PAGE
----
This is possibly the best book I have ever read on the history of science, and if you're interested in the subject I recommend it very highly. Professor Kragh sets out to describe the revolution in our concept of the universe that happened between 1915 and 1970. It is every bit as dramatic as the Copernican revolution 400 years earlier, and when he published it (1995) several of the key players were still alive; he talked to most of them, and one (Bondi) is quoted on the back as expressing his appreciation. This is a classy piece of work. The two theories in the title are the Big Bang, which eventually won, and the Steady State Theory, which mounted a spirited challenge but lost. A large part of the book is about the rivalry between these two theories, and describes how the scientific community eventually decided in favor of the Big Bang. Kragh appears to have read just about every relevant book and paper published during the period, and has done a phenomenal job of organizing this huge mass of material. I am sure there was a temptation to write a bloated thousand-page tome, but he has managed to cut it down to 390 pages of main text plus a hundred or so of end notes and bibliography, which feels just about right. He never shows off his scholarship, but concentrates on the main question: how did we reach the current state of affairs, where nearly everyone in the scientific world believes in the Big Bang? As a result, the book is engaging and highly readable. I got through it in a few days.
What I found most impressive is the way Kragh balances five different perspectives: science, history, sociology, philosophy and religion. He is in no way afraid of the science, which he clearly understands in great depth, and he presents equations and graphs whenever they are necessary to support the details of the argument. Although my own understanding of the other subjects is not really sufficient to give a critical appraisal, I found his presentation compelling. As a historian, he comes across as objective and even-handed. He has no obvious axe to grind, and tries hard to help the reader see things as they appeared at the time, not in the light of what came later. As he says, it's all too easy to look at an idea which turned out to be correct, and present it as an amazing flash of insight: often, it's more accurate to call it a lucky piece of speculation. The way he distinguishes between the two is interesting and thought-provoking. In particular, he dismisses claims that Alexander Friedmann should be considered the true originator of the Big Bang theory. Friedmann's 1922 paper was indeed the first thing written on the subject, but Kragh argues that Friedmann was just doing a piece of abstract mathematics, and never seriously considered whether it had anything to do with the real world. It so happened that it did, but we can only see that from our perspective.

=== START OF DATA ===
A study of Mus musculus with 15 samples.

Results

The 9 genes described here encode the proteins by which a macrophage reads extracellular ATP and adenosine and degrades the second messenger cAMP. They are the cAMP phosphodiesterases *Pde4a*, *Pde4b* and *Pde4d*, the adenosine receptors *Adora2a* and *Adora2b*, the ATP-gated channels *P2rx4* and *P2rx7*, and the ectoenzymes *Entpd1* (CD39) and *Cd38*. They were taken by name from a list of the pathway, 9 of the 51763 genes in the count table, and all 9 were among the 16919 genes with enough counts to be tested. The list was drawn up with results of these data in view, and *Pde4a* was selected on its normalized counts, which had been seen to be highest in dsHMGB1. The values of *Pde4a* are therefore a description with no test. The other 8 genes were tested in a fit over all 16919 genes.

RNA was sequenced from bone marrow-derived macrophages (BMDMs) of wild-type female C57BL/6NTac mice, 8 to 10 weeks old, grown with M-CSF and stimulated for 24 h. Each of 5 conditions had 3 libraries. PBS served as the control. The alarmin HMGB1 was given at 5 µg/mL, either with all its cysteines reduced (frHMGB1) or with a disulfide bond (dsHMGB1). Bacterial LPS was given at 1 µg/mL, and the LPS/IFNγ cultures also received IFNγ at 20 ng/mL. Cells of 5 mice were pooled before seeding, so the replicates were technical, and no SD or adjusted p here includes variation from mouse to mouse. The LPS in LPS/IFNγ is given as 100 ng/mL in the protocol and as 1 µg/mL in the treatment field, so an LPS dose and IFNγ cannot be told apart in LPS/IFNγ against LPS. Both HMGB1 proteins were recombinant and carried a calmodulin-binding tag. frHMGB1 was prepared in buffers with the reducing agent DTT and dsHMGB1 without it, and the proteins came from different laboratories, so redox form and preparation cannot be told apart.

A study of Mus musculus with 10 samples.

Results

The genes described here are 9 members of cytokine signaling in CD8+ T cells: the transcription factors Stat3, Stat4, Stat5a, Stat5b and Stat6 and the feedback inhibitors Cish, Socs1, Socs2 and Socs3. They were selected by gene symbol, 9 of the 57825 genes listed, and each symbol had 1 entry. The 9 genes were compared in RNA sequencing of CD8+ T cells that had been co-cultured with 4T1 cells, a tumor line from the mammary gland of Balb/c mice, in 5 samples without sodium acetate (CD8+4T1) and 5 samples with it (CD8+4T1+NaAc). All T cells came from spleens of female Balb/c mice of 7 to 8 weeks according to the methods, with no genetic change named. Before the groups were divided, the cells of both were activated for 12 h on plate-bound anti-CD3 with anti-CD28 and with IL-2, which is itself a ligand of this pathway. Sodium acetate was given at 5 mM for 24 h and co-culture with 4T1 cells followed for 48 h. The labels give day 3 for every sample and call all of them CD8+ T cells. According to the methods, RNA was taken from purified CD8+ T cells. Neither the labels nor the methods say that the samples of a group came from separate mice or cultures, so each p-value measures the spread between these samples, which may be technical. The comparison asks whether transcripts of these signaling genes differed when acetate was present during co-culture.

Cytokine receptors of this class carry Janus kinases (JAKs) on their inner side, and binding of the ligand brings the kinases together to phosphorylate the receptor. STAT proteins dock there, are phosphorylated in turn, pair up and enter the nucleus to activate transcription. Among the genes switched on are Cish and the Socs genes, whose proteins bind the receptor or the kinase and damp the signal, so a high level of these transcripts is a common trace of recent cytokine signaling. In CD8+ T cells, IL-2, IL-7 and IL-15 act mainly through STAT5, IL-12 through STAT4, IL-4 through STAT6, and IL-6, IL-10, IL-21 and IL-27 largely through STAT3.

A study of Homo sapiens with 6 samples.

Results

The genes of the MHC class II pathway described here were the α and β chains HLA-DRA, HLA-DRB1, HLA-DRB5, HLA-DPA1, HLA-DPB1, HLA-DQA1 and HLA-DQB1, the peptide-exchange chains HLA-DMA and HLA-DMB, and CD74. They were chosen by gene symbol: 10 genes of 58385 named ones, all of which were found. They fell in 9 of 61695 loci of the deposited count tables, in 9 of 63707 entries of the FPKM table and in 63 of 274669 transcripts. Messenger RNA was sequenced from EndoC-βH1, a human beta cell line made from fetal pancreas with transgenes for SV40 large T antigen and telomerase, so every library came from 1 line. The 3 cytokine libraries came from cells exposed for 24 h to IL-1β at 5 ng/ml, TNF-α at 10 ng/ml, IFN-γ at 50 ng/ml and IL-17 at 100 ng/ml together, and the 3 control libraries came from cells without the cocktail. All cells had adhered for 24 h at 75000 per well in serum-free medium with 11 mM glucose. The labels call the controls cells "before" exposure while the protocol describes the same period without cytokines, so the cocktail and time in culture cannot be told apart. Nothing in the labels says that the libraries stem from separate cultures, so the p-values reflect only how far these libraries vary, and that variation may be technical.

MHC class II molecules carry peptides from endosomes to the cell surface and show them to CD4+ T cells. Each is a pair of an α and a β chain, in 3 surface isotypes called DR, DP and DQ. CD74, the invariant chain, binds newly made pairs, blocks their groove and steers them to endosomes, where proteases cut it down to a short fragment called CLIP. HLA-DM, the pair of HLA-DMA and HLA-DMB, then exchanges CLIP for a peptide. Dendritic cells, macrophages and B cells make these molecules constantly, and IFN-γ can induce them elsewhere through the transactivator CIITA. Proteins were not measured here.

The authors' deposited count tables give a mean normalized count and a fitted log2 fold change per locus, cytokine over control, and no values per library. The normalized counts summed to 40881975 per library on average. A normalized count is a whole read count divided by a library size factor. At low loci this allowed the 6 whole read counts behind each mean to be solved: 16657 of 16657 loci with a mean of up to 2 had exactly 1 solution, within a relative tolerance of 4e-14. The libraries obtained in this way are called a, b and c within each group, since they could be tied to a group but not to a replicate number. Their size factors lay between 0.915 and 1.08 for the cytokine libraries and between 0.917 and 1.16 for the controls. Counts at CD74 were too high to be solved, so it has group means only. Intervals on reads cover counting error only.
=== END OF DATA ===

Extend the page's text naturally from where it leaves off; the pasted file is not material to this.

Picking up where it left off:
As someone who works in science, I have often wished that more people would write about its sociology from the inside, but they so rarely do; Smolin's The Trouble with Physics
is a fine exception, though it's hard to call Smolin impartial. Kragh comes across as a dispassionate referee, despite the fact that the debate was often highly emotional. One of the best passages occurs near the end, when the Steady State theory is starting to come apart. I had not understood that the thing which contributed most to sinking it was the non-uniform distribution of radio galaxies, as discovered by Ryle's Cambridge group during the late 50s. It all came down to the slope of a certain curve: if the gradient was less than 1.5, the Steady State theory was okay, but if it was higher then the theory was dead. In their second survey (2C), the Cambridge group found a value of 3.0, but it turned out that the results were unstable, and could not be replicated. The third survey (3C) gave a revised value of 1.8. When the results were presented at a conference, Bondi, one of the main champions of the Steady State, made an ironic comment: the number had now dropped from 3.0 to 1.8, so were there grounds for hoping that it might progress to 1.5 in the next edition? Ryle's group had put in years of work in obtaining this number, and the reputations of both groups were largely dependent on what happened. When Bondi asked his question, Ryle lost his temper completely, to the amazement of the audience; one of them said he had never seen such an open display of anger in the 30 years he had been in the field. But it turned out that the 1.8 value was solid, and Ryle later was awarded the Nobel Prize, while Bondi quit the field.
And, last but not least, philosophy and religion. One of the most extraordinary aspects of the whole affair was the sharp polarization in this area: the Big Bang theory was to a large extent the work of Georges Lemaître, a Catholic priest, while the leader of the Steady State side, Fred Hoyle, was a militant atheist. So many opportunities to sensationalize the narrative! Kragh examines the evidence in his calm way, and comes to a conclusion that is almost too reassuringly prosaic: even if people's religious or anti-religious beliefs predisposed them to choose their side accordingly, the debate was conducted on purely scientific grounds. Though an interesting footnote is that the Soviet Union, under Stalin, decided all cosmology was bourgeois, so Russian scientists hardly got a chance to contribute.
Such an amazing story, and such a great book! I must read some more Kragh.